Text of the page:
Residents are being encouraged to report hate crime in the borough as part of National Hate Crime Awareness Week.
National Hate Crime Awareness Week is aimed at raising awareness of all forms of hate crime, including homophobia, transphobia, racism, sexism, faith discrimination and disability discrimination.
It forms part of the Council and the police’s all-year programme to tackle hate crime, which includes working closely with our partners to ensure that any incidents of hate crime are investigated and offenders are held to account, training staff and partners in tackling hate crime, and raising awareness of how to report hate crime.
Hackney has a proud history as a welcoming and inclusive borough that celebrates diversity. However, hate crime is a very real issue for many in our community and can cause significant harm to its victims. This year we have seen increases in reports of anti-semitic, disability-related and homophobic hate crime, while reports of Covid-19 related abuse has been of particular concern to Chinese and South-East Asian members of our community. Studies also show that hate crime is regularly under reported, not least anti-LGBTQI+ and disability related hate crime.
The Council and its partners are working together to change this by encouraging anyone who has been affected by hate crime to report these incidents and raising awareness of how to do so. An increase in reporting will help the Council and police build local evidence and bring those who commit hate crimes to justice.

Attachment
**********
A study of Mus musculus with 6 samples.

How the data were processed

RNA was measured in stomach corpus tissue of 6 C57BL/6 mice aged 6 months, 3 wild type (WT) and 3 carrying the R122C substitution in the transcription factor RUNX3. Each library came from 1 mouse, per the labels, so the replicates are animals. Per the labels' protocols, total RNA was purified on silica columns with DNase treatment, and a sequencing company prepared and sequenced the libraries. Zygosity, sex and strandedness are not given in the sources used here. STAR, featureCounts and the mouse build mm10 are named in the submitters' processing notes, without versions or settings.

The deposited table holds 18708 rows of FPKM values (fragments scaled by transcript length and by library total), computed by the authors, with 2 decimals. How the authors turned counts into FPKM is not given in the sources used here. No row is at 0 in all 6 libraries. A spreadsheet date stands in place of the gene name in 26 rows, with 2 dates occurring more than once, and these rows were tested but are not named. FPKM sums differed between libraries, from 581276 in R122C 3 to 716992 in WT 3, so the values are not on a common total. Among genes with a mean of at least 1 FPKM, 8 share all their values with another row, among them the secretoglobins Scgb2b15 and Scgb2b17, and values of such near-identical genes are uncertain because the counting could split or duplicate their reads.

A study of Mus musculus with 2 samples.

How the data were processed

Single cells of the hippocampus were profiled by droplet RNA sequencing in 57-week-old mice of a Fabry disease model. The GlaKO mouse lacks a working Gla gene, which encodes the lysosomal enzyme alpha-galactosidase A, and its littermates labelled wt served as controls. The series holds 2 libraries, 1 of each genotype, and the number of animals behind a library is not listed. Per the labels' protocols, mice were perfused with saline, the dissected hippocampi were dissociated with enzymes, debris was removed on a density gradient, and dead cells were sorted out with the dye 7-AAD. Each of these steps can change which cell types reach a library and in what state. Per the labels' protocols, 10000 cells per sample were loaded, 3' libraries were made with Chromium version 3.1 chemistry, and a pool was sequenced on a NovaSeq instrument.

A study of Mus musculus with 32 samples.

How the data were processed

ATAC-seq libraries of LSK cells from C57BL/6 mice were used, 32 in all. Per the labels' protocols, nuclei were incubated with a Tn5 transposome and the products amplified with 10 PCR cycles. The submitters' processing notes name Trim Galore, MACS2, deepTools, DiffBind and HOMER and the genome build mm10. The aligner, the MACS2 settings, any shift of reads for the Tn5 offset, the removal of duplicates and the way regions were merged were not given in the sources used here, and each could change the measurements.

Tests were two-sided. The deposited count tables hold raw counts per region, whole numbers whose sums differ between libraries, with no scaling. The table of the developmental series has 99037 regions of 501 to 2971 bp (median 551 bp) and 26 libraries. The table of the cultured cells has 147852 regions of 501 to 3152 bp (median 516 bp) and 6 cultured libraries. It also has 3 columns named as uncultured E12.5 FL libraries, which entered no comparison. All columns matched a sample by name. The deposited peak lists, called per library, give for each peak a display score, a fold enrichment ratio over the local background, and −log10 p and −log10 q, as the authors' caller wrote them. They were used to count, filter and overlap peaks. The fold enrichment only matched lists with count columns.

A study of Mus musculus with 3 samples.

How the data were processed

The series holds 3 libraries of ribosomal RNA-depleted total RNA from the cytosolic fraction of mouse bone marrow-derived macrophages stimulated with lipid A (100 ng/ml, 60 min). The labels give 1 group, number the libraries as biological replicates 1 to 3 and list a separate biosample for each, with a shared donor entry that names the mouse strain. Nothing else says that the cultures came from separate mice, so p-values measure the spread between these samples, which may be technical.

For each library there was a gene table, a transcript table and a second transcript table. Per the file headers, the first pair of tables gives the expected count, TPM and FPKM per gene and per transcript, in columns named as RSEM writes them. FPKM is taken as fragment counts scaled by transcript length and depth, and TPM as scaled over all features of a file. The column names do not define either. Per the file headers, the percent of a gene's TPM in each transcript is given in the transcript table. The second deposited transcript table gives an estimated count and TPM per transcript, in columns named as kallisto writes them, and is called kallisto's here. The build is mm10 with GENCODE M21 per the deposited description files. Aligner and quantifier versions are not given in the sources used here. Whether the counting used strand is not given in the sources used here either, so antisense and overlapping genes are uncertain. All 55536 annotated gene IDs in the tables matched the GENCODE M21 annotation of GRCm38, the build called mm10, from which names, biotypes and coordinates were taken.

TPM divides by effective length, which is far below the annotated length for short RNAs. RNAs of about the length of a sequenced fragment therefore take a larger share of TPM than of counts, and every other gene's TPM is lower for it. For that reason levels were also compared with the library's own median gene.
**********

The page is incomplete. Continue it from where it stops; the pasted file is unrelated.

This year the Council is also launching a new ‘No Place for Hate’ campaign relating to our night time economy, which will see a social media campaign followed by training for local venues who sign-up to Hackney’s upcoming online portal. The training will be developed by the Metropolitan Police and will support Hackney’s venues to tackle hate crime on their premises.
Hackney’s ‘No Place for Hate’ campaign and the online portal are both part of the Council’s Hackney Nights initiative which works to create a safe, welcoming and inclusive night time economy for residents, businesses and visitors.
All Hackney Nights’ activities are funded by Hackney’s late night levy, which is paid for by local late-night licensed venues to contribute towards policing and the management of night time economy areas, ensuring that residents are protected from the impacts of anti-social behaviour and crime.
Hackney Council launched its ‘No Place for Hate’ strategy in 2018 which sets out how the Council will tackle hate crime in Hackney, including improving support for those affected by hate crime, raising awareness of how to report hate crimes, and working with residents to build understanding of hate incidents and crime.
Hate crime can be reported to the police by calling 999 in an emergency, and 101 in other situations. You can also report hate crime to Stop Hate UK on 0800 138 1625.